Student Project | Symbiosis on the Sri Pada | Kexin Zhang & Tianchen Zhang & Lu Xie & Zhizhi Wang

Sacred to Buddhists, Hindus, Muslims, and Christians, Sri Pada in South Central Sri Lanka is championed by its footprints like mountain-top boulders and towering elevations. The mountain is under intense environmental pressure as thousands of pilgrim flock to the site. The continuous pilgrimages over the years are causing serious damages to the ecosystem of the Sacred Foot Mountain, putting the amphibian toad at risk. There are two main reasons why toads are endangered: one is the influx of pilgrims into Sri Pada, which affects the mating grounds. The other is the destruction of the sacred mountain’s ecosystem where its waterways are so polluted that it is difficult for toads to breed.

The pilgrimage satisfies people’s spiritual faith and satisfaction, but the threat to the ecology of Sri Pada, is a deviation from the original intention of religion. What are the strengths of landscape architects in the face of such massive and spontaneous pilgrimages to Sri Pada and other holy sites around the world?

During the pilgrimage up the mountain, many pilgrims carry needles and thread with them and weave a net of white thread among the trees to express their pure and good wishes. If the pilgrims can be brought into life-saving activities, not only to protect the environment of Sri Pada but also to allow religion to play its origional role of compassion for all things.

Each religion has a common belief–Do Not Kill. Our main plan was to weave two “threads” together, one “thread” to guide the pilgrim and one ” thread ” to design the restoration of the Toad’s habitat.

For the design of the habitat, the basic conditions for the survival of the toad, such as the hydrological environment, vegetation structure, canopy closure and so on, were sorted out and integrated into GIS for decision-maker, three types of toad habitat, Permanent Streams, Seasonal Streams, and Moist Lowland, are set up to create different types of wetlands with microclimate habitat for toads.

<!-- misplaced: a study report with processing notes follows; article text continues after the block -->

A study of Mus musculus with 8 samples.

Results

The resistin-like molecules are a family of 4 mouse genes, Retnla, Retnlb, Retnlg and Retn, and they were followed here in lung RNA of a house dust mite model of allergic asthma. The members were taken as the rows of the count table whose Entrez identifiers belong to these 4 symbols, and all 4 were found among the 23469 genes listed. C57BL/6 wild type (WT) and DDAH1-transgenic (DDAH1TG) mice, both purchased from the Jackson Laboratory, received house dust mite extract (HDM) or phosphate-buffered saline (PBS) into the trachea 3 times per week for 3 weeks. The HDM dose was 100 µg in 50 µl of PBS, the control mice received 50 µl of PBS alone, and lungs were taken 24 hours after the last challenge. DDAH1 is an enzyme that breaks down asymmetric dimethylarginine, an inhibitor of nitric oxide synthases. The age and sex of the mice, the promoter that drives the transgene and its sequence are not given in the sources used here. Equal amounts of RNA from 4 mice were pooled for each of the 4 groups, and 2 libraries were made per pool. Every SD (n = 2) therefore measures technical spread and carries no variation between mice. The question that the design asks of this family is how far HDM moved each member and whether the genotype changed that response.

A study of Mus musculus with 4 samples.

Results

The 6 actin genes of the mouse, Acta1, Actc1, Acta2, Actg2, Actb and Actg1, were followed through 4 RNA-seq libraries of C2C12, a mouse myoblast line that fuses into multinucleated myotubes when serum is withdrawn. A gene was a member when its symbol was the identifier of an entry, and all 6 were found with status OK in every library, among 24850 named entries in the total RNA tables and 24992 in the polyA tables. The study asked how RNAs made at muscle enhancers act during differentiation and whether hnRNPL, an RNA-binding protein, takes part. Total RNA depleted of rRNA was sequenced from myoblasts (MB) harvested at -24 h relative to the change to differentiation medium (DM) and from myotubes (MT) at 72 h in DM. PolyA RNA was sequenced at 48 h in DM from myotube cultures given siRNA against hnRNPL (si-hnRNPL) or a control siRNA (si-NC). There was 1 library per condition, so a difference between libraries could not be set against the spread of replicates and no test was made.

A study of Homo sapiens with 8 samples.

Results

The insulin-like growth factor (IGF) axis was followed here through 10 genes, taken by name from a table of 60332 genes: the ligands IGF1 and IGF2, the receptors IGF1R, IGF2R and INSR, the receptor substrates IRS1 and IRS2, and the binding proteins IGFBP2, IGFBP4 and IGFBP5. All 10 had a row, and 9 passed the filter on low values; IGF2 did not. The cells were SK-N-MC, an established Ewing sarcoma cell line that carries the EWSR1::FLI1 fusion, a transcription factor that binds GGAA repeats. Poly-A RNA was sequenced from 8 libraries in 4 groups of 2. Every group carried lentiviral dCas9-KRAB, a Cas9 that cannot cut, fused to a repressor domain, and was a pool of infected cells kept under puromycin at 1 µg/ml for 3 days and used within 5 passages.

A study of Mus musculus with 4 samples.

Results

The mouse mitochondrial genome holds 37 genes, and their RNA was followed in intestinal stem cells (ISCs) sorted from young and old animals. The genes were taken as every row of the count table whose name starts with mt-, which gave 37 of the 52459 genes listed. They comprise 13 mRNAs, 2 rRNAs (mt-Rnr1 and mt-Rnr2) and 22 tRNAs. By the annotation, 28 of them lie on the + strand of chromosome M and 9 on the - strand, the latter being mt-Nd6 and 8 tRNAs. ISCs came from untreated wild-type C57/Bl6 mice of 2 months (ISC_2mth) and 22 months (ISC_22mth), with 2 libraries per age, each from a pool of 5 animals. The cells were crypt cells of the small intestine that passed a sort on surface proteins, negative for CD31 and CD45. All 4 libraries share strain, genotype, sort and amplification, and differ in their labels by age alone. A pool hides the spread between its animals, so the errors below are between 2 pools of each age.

As for guiding the behavior of pilgrims, the plan has produced a “Pilgrim Handbook” to convey the endangered status of Sri Pada’s toad to pilgrims in an easy-to-understand form. The handbook is easy to carry and recycle as a tourist guide, included a pilgrimage calendar, which combines climate, toad activity cycles, and religious holidays to mark the proper month for the pilgrimage. It also contains a map to the mountains, in which we noted the location of the designed toad habitat, the range of activity and breeding requirements of the Toads, and added information on the habits of the Toads, that pilgrims should try to avoid.

Throughout the project, the landscape architect acted as a tailor, both for the rational optimization of the Toad’s habitat in Sri Pada and for the active involvement of pilgrims in the project. Our 1 + 1 model aims to make religious practices more compatible with conservation and to help pilgrims better communicate with Sri Pada by combining our expertise and analytical skills.

Student Project | Symbiosis on the Sri Pada | Kexin Zhang & Tianchen Zhang & Lu Xie & Zhizhi Wang

Project Name: Symbiosis on the Sri Pada

Student Names: Kexin Zhang, Tianchen Zhang, Lu Xie, Zhizhi Wang

Schools: Soochow University, Nanjing Forestry University, Hengyang Normal University

Advisors: Mengqing Yu, Chaoqun Lin, Xin Li

About Terren Shi 116 Articles
Terren is an emerging graduate landscape architect with a passion for design theory and history. She holds a Bachelor of Design and a Master of Landscape Architecture from the University of Melbourne, which she completed in 2020 and 2022 respectively. Currently, Terren works as a sessional tutor at the Melbourne School of Design. She also contributes interviews and essays on landscape architecture and design.